When Missouri residents begin the estate planning process, some become confused about the instruments available to them to preserve their wealth for their heirs. Various trusts are one type of estate-planning tool. How do you know which type suits your wishes and your family?
Why use trusts as part of your estate?
Financial trusts are not mandatory in estate planning, yet they are convenient instruments to ensure that your wealth is passed on in a manner suitable to your wishes. Establishing trusts makes it easier to transfer assets to the people or organizations you choose while reducing their possible tax burdens. You can also use trusts to shield your purchases from the IRS and potential lawsuits. Learning about the various trust options can help you plan for the future.
Common types of trusts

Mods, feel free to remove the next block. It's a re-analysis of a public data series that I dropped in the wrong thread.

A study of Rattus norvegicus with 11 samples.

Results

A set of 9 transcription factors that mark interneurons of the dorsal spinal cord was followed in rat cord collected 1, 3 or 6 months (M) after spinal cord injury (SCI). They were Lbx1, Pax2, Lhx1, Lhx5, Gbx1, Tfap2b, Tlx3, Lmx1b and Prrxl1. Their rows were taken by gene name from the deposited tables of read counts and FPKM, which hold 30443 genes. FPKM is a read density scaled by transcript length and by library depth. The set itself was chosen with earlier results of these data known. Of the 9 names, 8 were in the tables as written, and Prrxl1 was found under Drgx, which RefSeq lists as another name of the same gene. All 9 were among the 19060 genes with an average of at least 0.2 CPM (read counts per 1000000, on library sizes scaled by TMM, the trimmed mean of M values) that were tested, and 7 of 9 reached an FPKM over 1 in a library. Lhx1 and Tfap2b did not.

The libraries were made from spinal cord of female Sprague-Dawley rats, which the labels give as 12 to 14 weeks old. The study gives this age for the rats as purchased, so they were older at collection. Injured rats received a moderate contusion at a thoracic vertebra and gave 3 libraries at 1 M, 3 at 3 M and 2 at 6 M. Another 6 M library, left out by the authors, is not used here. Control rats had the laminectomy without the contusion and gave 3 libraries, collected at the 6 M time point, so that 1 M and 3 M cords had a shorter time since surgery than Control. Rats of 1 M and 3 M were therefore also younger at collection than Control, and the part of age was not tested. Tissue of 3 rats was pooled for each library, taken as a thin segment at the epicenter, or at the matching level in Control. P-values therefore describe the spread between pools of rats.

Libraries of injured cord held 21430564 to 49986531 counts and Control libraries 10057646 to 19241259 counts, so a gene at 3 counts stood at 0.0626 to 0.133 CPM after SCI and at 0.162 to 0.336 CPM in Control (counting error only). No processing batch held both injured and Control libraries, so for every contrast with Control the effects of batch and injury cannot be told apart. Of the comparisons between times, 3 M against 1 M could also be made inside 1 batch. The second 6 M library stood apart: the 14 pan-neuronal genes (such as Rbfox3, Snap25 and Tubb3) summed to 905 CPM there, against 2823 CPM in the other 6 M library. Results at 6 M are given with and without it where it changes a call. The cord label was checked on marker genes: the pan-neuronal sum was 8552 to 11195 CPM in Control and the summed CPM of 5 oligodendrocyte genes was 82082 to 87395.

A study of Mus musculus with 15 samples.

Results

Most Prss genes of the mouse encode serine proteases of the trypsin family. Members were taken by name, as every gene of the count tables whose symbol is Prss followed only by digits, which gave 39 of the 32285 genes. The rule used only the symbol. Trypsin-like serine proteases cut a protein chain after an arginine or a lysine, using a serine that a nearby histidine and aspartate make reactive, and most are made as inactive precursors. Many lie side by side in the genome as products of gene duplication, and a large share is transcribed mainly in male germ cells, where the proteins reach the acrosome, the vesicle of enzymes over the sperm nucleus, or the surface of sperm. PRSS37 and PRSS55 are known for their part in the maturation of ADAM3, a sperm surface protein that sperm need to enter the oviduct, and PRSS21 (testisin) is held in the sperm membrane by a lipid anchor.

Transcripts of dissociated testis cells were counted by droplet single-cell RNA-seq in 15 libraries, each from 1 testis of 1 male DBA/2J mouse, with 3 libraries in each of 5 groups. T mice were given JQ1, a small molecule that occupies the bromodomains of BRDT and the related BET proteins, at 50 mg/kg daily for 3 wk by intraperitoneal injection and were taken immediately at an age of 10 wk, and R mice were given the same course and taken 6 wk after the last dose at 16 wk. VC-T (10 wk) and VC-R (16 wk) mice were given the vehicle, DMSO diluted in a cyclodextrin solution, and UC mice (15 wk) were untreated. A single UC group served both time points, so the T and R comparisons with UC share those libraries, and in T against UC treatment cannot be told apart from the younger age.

When considering your needs, you’ll come across various types of trust, all with different advantages and disadvantages. Consider these common trust types when establishing your estate plan:
- Special needs
- Asset protection
Revocable trusts allow you to change or dissolve these tools when your wishes change. Some, like asset protection and charitable trusts, do exactly what their name sounds like. Others need more explanation. Testamentary trusts allow you to create a trust from your will, while a Totten trust is essentially another name for a transfer-on-death bank account.
How do I select the appropriate trust?
One crucial point to remember is that unless you have previously established an irrevocable trust, you can change its contents and intentions at any time. As your needs change, your estate considerations also will. Some people may want to change beneficiaries or scrap their heirs altogether.
As long as you have kept excellent records regarding your trust, you can easily change its type or move certain assets to the appropriate person to hold for your offspring.
Some people consider placing their wealth in trusts of different types so their heirs can easily obtain assets. Including different types of trust in your estate plan can maximize savings for you or your children.